In advance of Donald Trump's inauguration as president of the United States, the mood in Russia is somewhere between euphoria and hesitation. Moscow wants a diplomatic restart with Washington, but how will they do it?
Near the end of a December 17, 2015 press conference, a journalist asked Russian President Vladimir Putin about Donald Trump.
"He is a striking person. Talented, no doubt," the Russian president said, calling the billionaire American an "absolute leader in the presidential campaign." Trump was leading the Republican primary race at the time. "He talks about relations with Russia on a new, deeper level," Putin added. "How could we not welcome this? Of course we welcome this."
Trump returned the favor a few days later, saying it was a great honor to be praised by a man "so highly respected in his own country and abroad."
Under mounting pressure
A lot has happened since this exchange of niceties. Trump won the general election and will be inaugurated on January 20. During the campaign, he was ridiculed in both the press and by his democratic opponent, former Secretary of State Hillary Clinton, as "Putin's puppet." Both Trump and Russia dismissed this as pure campaign rhetoric.
New accusations have surfaced since the election, putting Trump under pressure. The American intelligence community blamed Putin personally for the hacking of the Democratic Party in an effort to damage the Clinton campaign. Trump himself admitted that Russia was responsible for the cyberattack, but denies any relationship with Russia and the risk of blackmail that an explosive but unconfirmed report claims.
Kremlin in waiting
Russia responded euphorically to the Republican candidate's victory. There was applause in the Duma, Russia's parliament, and champagne from the right-wing populist Vladimir Zhirinovsky. "Yes, we celebrated for three days," Dmitry Peskov, Putin's press secretary, said on television at the end of December.
The mood wasn't shared in diplomatic circles. "The professionals knew this only makes the game more difficult for us," Aleksei Venediktov told the well-known radio station, Echo of Moscow, where he serves as editor-in-chief. He gave two reasons that Russia should be cautious of Trump: his "very reactionary policies" and his "very impulsive" nature. The Kremlin should be wary and wait, he said.
The consqeuences of sanctions are evident in Russian supermarkets - certain foods can no longer be found
Putin wants respect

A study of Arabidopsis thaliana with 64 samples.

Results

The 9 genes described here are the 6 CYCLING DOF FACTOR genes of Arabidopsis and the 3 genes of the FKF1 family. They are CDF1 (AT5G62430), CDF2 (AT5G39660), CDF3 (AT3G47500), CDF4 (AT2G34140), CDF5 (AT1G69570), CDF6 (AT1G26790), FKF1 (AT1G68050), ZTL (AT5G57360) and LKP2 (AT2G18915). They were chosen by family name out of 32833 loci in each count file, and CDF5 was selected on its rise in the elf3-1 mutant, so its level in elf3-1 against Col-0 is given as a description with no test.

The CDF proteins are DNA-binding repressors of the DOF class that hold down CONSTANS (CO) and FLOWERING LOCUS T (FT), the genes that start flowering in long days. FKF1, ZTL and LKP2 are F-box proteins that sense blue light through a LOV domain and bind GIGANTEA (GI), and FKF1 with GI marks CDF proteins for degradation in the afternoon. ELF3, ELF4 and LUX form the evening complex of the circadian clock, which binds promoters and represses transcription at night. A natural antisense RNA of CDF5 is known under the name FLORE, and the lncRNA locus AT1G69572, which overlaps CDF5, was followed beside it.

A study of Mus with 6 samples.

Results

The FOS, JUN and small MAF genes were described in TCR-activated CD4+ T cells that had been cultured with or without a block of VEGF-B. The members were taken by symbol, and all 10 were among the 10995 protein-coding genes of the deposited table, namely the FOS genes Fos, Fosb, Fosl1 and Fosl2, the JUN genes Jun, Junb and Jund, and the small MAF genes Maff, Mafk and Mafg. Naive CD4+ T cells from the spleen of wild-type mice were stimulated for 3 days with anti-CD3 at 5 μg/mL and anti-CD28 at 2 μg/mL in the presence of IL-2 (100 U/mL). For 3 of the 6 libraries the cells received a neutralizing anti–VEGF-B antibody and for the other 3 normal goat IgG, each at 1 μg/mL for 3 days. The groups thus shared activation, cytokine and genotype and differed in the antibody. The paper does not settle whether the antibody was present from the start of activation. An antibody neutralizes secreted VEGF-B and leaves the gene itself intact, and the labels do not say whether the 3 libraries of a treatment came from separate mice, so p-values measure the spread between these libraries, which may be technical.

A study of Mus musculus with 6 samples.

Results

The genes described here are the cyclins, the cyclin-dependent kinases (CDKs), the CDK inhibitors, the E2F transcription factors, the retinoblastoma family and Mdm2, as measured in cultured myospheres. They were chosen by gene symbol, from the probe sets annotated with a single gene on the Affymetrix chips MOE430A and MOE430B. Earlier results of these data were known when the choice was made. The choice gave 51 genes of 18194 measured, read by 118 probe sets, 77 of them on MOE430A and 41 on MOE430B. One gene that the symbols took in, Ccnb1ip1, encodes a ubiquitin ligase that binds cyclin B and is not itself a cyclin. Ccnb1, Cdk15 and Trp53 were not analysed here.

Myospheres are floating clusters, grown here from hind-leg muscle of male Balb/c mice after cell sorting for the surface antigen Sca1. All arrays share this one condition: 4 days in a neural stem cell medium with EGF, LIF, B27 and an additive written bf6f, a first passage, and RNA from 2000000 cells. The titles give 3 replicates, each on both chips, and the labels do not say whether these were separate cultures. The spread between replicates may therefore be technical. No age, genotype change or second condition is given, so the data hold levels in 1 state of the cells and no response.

In fact, Putin has done just that. Moscow has delivered Trump two written messages - post-election congratulations and Christmas greetings - and made one phone call. An in-person meeting is in the works, but a time and date have yet to be set.
One of Putin's central messages has gone unchanged for months: Russia's readiness to return to good relations with the US. How that would play out remains to be seen.
"I believe Putin wants Russia to be heard more," said Alexei Kudrin, Russia's former finance minister and once-close confidant of Putin, at a November meeting in New York. This is especially so for world events affecting Russian interests, he added, which Putin has partly accomplished, referring to Russia's involvement in Syria and Ukraine.
High on Putin's wish list for Trump may be the lifting of sanctions, put in place in 2014 following Russia's actions in Ukraine, though no one expects this to happen overnight. Recognizing Russia's annexation of Crimea may also be a desired policy goal. They are related matters that Trump signaled during the campaign he would be open to discussing.
Russia certainly wants US assurances that Ukraine will never join NATO, part of its years-long desire to see the Western military alliance kept far from Russian borders. This includes Russia's criticism of a missile defense shield for Eastern Europe. However, like sanctions, expectations for doing away with it are low.
Sphere of influence
Nor would Russia want to see Ukraine - or any of other former Soviet republic, such as Georgia or Moldova - move closer to the European Union. Whether official or not, Putin wants a greater say in global problems, like Syria, and something akin to a veto power for matters concerning its immediate sphere of influence.
Experts have been speculating for months what Putin could offer Trump in return. This remains a largely unanswered question, except in the fight against Islamic terrorism. Both Trump and Putin are agreed on this point, as far as Russia can tell, but less certain is if that will be enough.